Serbia’s plan to cut spending and sell money-losing assets to narrow the budget deficit lacks measures to overhaul the pension system and may be difficult to achieve without rolling part of the gap into 2014.
“Structural reforms” that refer to the sale or closure of 179 companies with 54,000 workers and subsidized by the state “are promising,” said Vladimir Vuckovic, a member of the Fiscal Council, a three-member body appointed by parliament to oversee fiscal compliance, in a phone interview today.
“We have yet to see if their implementation is possible,” Vuckovic said after Finance Minister Mladjan Dinkic presented the plan to the council today. “One missing block is the pension reform and we have yet to see how realistic the plan is, or rather if part of the spending will show up next year, which doesn’t solve the problem.”
Dinkic presented the plan yesterday, setting the deficit target at 177 billion dinars ($2.03 billion), or 4.7 percent of economic output, up from the original plan for 122 billion dinars. The measures will be introduced next month to avoid the gap rising to 8 percent of GDP, the level the International Monetary Fund said was likely without spending cuts.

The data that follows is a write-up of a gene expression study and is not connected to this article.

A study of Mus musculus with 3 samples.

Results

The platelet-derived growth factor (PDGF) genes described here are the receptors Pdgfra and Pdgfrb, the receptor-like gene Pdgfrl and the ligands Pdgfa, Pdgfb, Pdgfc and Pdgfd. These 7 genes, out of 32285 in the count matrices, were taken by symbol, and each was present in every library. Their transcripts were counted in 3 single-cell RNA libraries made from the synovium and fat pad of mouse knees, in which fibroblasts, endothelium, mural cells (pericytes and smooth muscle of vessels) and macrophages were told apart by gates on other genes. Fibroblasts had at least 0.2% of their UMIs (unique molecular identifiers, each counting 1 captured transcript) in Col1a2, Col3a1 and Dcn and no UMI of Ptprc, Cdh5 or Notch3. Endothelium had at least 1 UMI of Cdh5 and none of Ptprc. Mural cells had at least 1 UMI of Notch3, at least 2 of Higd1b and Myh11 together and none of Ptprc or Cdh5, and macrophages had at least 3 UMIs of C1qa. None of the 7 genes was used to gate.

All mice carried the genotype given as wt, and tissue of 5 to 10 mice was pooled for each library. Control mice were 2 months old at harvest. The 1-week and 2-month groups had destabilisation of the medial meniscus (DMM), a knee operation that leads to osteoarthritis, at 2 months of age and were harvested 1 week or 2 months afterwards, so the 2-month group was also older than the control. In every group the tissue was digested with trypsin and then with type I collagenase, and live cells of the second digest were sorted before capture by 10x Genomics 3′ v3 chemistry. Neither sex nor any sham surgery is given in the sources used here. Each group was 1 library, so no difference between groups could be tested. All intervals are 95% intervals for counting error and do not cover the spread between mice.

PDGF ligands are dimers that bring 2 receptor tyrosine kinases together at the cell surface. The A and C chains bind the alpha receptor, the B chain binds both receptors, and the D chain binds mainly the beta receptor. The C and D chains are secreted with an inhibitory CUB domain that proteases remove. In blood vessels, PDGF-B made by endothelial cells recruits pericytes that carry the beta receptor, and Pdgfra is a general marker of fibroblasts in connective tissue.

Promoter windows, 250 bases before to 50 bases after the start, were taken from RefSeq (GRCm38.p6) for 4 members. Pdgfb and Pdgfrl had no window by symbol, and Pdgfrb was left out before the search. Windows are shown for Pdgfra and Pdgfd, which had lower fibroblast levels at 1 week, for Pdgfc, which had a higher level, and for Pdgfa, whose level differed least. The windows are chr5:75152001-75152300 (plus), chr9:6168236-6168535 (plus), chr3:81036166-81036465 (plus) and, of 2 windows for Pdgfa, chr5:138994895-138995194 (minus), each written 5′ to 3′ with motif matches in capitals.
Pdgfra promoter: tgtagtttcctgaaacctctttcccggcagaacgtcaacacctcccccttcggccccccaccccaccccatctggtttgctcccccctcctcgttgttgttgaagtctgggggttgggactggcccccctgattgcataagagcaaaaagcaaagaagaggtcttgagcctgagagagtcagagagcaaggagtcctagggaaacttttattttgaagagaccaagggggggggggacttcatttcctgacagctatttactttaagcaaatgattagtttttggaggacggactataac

Premier Ivica Dacic’s 11-month-old Cabinet, which originally aimed for a fiscal gap of 3.6 percent of GDP, promised net spending cuts worth 37 billion dinars. The plan stops short of a public wage and pension freeze or cuts, encouraged both by the IMF and the Fiscal Council.
Yields on Serbian 10-year Eurobonds maturing in 2021 gained 44 basis points on the day to 6.7 percent at 4:03 p.m. in Belgrade while the dinar shed 0.64 percent to trade at 114.6890 to the euro by 4:04 p.m., data compiled by Bloomberg show.